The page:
When we were younger, many of us overindulged (and paid the price many times over…) in wine because it was a novel thing to do. And the cheaper the wine was, the better because we could afford more of it!
As we became more settled in our jobs and climb up the corporate ladder, we started to appreciate the finer wines in life and discern what we liked and what we didn’t. We read a bit more, went to wine tastings, and were able to have good discussions at a dinner party about the latest vintages.
However, for those of us who’re wine newbies but really want to start building up our knowledge, occasions with experienced wine connoisseurs can become a bit intimidating. Here are a couple of wine-related talking points for you to engage in when you’re at your next dinner party.
The first thing that people will speak about when judging wine is the nose – in other words, the aroma or what it smells like. Different bouquets are usually indicative of various types of wine. For example, the Wine Guy says that you’ll be able to pick up:
- Cherry notes in a pinot noir,
- Blackcurrant notes in a cabernet sauvignon, and
- Turkish Delight notes in the German varietal, the Gewürztraminer
After tasting the wine, some people may put their hand over the mouth of the glass and vigorously shake it. This is not a secret wine ritual – don’t worry! People do this to aerate the wine and see what other notes develop when they’ve introduced more oxygen to the wine. Wine Spectator says that the process of aerating the wine causes undesirable elements in the wine – such as excess tannins – to evaporate so that the true nature of the wine comes through.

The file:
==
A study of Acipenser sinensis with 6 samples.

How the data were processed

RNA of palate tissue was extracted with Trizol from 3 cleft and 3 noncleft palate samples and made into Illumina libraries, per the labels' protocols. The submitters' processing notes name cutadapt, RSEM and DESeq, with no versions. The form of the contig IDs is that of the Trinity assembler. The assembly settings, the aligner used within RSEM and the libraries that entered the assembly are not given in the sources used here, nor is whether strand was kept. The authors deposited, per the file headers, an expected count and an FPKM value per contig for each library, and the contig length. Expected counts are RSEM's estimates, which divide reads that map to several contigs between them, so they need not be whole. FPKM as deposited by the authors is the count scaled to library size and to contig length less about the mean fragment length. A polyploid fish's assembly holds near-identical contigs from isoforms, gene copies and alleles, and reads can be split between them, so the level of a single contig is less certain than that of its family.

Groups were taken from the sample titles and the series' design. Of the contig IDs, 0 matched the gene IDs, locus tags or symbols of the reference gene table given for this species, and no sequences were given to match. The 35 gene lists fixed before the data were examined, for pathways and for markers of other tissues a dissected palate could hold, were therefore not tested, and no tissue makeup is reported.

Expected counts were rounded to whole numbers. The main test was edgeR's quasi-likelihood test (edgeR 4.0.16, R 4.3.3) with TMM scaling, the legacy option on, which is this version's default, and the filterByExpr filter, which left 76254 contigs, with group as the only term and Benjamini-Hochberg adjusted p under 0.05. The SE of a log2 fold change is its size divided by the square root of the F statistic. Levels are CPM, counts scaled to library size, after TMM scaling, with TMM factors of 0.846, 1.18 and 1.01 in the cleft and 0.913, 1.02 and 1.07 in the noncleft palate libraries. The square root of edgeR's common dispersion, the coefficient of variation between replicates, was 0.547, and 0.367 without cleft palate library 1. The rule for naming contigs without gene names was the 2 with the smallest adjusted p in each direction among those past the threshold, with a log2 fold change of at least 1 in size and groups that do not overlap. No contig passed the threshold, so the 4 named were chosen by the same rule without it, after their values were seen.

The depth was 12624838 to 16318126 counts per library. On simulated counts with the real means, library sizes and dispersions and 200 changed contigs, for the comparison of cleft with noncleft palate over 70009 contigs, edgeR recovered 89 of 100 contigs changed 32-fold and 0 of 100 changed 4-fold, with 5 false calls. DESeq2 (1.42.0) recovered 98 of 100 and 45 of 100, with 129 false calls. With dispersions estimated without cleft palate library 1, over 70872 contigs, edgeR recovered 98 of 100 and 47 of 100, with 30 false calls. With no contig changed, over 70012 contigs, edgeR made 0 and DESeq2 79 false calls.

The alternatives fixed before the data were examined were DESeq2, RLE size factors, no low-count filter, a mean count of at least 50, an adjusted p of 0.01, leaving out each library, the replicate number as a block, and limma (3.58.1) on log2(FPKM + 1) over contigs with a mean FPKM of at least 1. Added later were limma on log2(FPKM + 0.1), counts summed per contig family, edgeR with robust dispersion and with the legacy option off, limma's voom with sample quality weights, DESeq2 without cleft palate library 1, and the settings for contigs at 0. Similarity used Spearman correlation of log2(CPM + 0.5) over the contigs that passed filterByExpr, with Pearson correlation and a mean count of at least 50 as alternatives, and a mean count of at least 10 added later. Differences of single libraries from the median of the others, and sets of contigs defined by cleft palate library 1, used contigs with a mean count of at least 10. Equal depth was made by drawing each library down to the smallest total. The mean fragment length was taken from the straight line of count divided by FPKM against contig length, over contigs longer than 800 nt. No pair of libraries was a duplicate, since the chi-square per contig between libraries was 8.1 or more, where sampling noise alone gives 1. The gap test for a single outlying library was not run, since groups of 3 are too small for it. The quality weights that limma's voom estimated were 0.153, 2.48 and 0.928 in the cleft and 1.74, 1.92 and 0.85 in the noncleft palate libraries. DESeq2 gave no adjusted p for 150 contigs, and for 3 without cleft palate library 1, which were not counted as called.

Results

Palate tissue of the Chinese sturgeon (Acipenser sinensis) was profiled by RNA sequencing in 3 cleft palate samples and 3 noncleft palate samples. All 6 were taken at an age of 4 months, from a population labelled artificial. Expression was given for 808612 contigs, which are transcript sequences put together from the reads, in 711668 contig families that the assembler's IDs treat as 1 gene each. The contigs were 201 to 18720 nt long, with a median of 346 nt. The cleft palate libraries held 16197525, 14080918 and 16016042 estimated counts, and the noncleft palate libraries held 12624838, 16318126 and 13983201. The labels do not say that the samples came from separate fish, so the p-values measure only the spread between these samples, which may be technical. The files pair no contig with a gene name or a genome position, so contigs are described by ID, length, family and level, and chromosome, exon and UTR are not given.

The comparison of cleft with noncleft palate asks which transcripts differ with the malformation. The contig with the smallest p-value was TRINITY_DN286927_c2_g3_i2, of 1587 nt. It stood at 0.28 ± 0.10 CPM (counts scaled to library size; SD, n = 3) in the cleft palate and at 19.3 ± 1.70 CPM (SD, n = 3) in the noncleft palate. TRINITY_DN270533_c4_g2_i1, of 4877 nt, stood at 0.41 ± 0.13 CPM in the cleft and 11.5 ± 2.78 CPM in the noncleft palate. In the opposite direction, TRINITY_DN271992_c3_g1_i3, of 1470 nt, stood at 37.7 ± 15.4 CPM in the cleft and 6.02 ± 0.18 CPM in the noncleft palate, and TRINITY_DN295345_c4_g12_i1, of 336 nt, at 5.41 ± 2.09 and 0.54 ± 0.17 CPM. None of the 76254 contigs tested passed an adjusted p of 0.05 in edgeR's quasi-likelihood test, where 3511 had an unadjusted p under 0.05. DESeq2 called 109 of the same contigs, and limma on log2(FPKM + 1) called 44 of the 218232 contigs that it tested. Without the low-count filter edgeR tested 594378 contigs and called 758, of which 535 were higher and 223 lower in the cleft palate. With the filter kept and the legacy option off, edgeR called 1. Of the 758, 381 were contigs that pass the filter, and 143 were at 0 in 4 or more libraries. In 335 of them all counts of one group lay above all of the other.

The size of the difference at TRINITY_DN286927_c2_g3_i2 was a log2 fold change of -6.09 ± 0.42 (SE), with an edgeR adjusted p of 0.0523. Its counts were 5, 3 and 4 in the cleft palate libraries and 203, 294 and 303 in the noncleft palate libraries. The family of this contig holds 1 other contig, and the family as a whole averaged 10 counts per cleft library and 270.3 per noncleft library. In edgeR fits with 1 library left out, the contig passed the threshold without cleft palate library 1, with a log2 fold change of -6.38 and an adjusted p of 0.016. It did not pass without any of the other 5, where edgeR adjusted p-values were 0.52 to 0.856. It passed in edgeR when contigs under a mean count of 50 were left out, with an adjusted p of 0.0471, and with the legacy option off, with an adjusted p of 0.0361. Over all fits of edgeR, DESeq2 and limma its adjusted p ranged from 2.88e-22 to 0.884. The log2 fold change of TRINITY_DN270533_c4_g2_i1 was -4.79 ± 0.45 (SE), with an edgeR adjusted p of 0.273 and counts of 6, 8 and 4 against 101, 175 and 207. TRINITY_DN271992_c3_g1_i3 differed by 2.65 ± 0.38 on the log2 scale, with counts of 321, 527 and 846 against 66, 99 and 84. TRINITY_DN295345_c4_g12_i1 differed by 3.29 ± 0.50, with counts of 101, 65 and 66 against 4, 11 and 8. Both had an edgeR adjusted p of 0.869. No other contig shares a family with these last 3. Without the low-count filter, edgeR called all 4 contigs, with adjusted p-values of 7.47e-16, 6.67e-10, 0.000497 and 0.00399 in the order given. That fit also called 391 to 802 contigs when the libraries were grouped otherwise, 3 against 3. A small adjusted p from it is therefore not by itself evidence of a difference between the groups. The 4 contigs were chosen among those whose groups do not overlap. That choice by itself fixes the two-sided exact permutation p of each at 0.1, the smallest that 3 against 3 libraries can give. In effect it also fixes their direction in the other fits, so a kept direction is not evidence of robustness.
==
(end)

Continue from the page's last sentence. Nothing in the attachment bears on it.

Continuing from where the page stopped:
When people refer to the ‘palate’ of the wine, all they’re referring to is how the wine tastes. In order to really appreciate the full complexity of the wine, you need to take very small sips of the wine and let it roll around your tongue as different parts of your tongue appreciate different tastes:
- The front of your tongue appreciates sweet tastes,
- The sides of your tongue appreciate salty and bitter tastes, and
- The back of your tongue appreciates bitter tastes.
Don’t worry if – after tasting a lot of wines – you can’t tell the difference between them! This is totally normal, so if you feel this way go for a bland cracker that isn’t salted or a piece of bread without any condiments on it. Take break, play slots games online and have a good, long chew. This neutral taste will reset your palate and allow you to appreciate the different notes in the wines.
Engaging in fruitful (pun intended!) conversations about wine doesn’t have to mean that you know EVERYTHING about wine – so much so that you become an amateur sommelier. Talk about wines that you like – and they don’t have to have a hefty price tag to merit the conversation. Who knows? You may even convert a few people to your tastes!